We had the good fortune of connecting with Mark Wallace Maguire and we’ve shared our conversation below.
Hi Mark Wallace, why did you decide to pursue a creative path?
I have innately been an artist throughout my life, working in multiple mediums. Graduating with a degree in English, there were not many opportunities to channel my creativity. After a fruitless attempt at making it in the music performance industry, I landed in journalism. I worked in news for 10 years and then segued into magazines where I finally was able to channel more of my artistic flair through creative nonfiction, art direction, and graphic design. That was a real joy for me and opened my eyes to see how much more fruitful work could be when one was pursuing a career that really fed one’s soul. Creative writing, especially writing my six novels the last several years, has continued to be a joyful pursuit as have my other creative work, including videography, musical composition and graphic design. I am very blessed to have been provided opportunities where I could ‘be myself’ in my work throughout the years. I’ve made stabs at other careers, but ultimately come back to what feeds me – a career in creative communications.
Let’s talk shop? Tell us more about your career, what can you share with our community?
Finding success in the creative field is very tough and challenging. Relentless resilience is key to success. In writing fiction, you can never give up after a bad review, a month of low sales, or even undue criticism from others. You have to be willing to keep chopping wood whether that is in regard to writing, marketing or just keeping your chin up. The same tenants apply to other ventures in the creative field. When I saw the market shifting away from print media toward video and digital communications several years ago, I took the plunge to re-invent that part of my creative portfolio. Learning a new skill set in videography after devoting 20 years to print media was challenging, but like many things in life, you get out what you put in. There was a high amount of frustration and a steep learning curve, but I am glad to have made that move and put in the work. I used to abhor the quote about success being 1 percent inspiration and 99 percent perspiration, but the cliche rings true in many aspects.
Let’s say your best friend was visiting the area and you wanted to show them the best time ever. Where would you take them? Give us a little itinerary – say it was a week long trip, where would you eat, drink, visit, hang out, etc.
The perfect itinerary for a week in Atlanta? Ah, so many choices. I love ATL in all of its various guises.
Watching a Hawks game at State Farm Arena is the prime sporting event in Atlanta. The vibe at Hawks games has always been the best in Atlanta, but the way the organization has ramped it up the last several years is outstanding. We’d enjoy craft beers from metro ATL, food from Zac Brown’s Social Club and then enjoy a good night from Trae Young and the crew dropping 100 points or so.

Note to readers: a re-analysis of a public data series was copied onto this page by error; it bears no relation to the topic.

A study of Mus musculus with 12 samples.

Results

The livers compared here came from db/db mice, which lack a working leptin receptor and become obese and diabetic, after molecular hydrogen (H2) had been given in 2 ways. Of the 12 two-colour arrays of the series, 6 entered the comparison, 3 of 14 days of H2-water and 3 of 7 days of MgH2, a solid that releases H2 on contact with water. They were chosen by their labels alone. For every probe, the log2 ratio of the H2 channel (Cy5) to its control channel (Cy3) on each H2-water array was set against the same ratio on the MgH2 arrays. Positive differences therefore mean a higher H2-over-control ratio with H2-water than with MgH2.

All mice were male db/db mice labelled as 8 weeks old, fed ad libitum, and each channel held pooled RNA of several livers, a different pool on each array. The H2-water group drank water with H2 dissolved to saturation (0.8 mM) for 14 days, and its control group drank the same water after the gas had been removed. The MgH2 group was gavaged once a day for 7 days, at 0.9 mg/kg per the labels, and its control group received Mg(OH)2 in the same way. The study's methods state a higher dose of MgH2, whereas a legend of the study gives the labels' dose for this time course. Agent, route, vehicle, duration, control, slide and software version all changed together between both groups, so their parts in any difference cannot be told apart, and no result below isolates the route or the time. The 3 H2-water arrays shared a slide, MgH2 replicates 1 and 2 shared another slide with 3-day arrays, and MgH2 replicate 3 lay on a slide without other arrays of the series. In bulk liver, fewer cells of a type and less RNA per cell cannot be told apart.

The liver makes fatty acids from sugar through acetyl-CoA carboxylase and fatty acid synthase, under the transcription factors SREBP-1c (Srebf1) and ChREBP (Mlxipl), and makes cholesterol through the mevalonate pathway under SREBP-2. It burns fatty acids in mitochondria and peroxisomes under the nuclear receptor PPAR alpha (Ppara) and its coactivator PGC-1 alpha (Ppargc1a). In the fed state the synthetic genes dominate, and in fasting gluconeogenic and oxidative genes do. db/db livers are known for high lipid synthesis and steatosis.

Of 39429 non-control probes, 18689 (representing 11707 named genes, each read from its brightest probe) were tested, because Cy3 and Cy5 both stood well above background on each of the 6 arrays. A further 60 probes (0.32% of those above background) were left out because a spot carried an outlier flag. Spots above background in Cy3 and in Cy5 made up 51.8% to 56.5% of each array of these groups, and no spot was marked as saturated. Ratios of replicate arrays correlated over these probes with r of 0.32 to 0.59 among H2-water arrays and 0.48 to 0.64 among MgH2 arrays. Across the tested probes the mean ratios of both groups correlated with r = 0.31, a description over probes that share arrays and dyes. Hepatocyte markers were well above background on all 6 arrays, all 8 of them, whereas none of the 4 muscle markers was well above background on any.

For food, I would take them to Fago de Chao in Buckhead, Canoe in Vinings, The Curious Pig in Peachtree City, and Six Feet Under in East Atlanta. With those four, you get great beef and experience at Fago, fine dining at Canoe, the best Southern cuisine at the Pig, and at Six Feet Under, a fantastic view from the roof of Oakland Cemetery with outstanding fare.
For culture and art, we’d start with an afternoon at The High. Afterward, we could take in the city’s unique architecture and neighborhoods. Sweet Auburn, Peachtree Street, Miami Circle, Central Presbyterian Church, the gorgeous college campuses throughout Decatur, and Trilith Studios and Community in Fayetteville would be part of the itinerary. Depending on their music taste, we could visit anywhere from taking in an ASO concert at Woodruff to a trip to The Trap Music Museum. ATL has so many overlooked nooks and landmarks it is ridiculous.
The Shoutout series is all about recognizing that our success and where we are in life is at least somewhat thanks to the efforts, support, mentorship, love and encouragement of others. So is there someone that you want to dedicate your shoutout to?
Authors can be a very guarded bunch and generally are too invested in their own work to help and work with other writers. That said, I’ve been really blessed to have met and worked with a grand group of fellow scribes. T.M. Brown, author and founder of Hometown Novel Nights, has been amazing at supporting me through interviews, co-hosting book signings and creating a strong community of mutual respect and support for authors and readers on the southside of Atlanta. Author Damon Poirier, the late great Southern non fiction writer Joe Dabney, publishing mogul Celeste Duckworth, and librarian Sarah Trowbridge have been superb encouragers. Many friends and colleagues have been awesome as well at encouraging all aspects of my creative ventures, including longtime friend and writer, Adam Miller and my friend and children’s literature advocate and nonprofit leader Kemie Nix. Of course, there are all those I haven’t met, but who have influenced me ranging from C.S Lewis and Maya Angelou to Film Director Sam Mendes and artistic scions Brian Eno, Jimi Hendrix and John Coltrane. Big ups to them all! We all stand on the shoulders of those before us!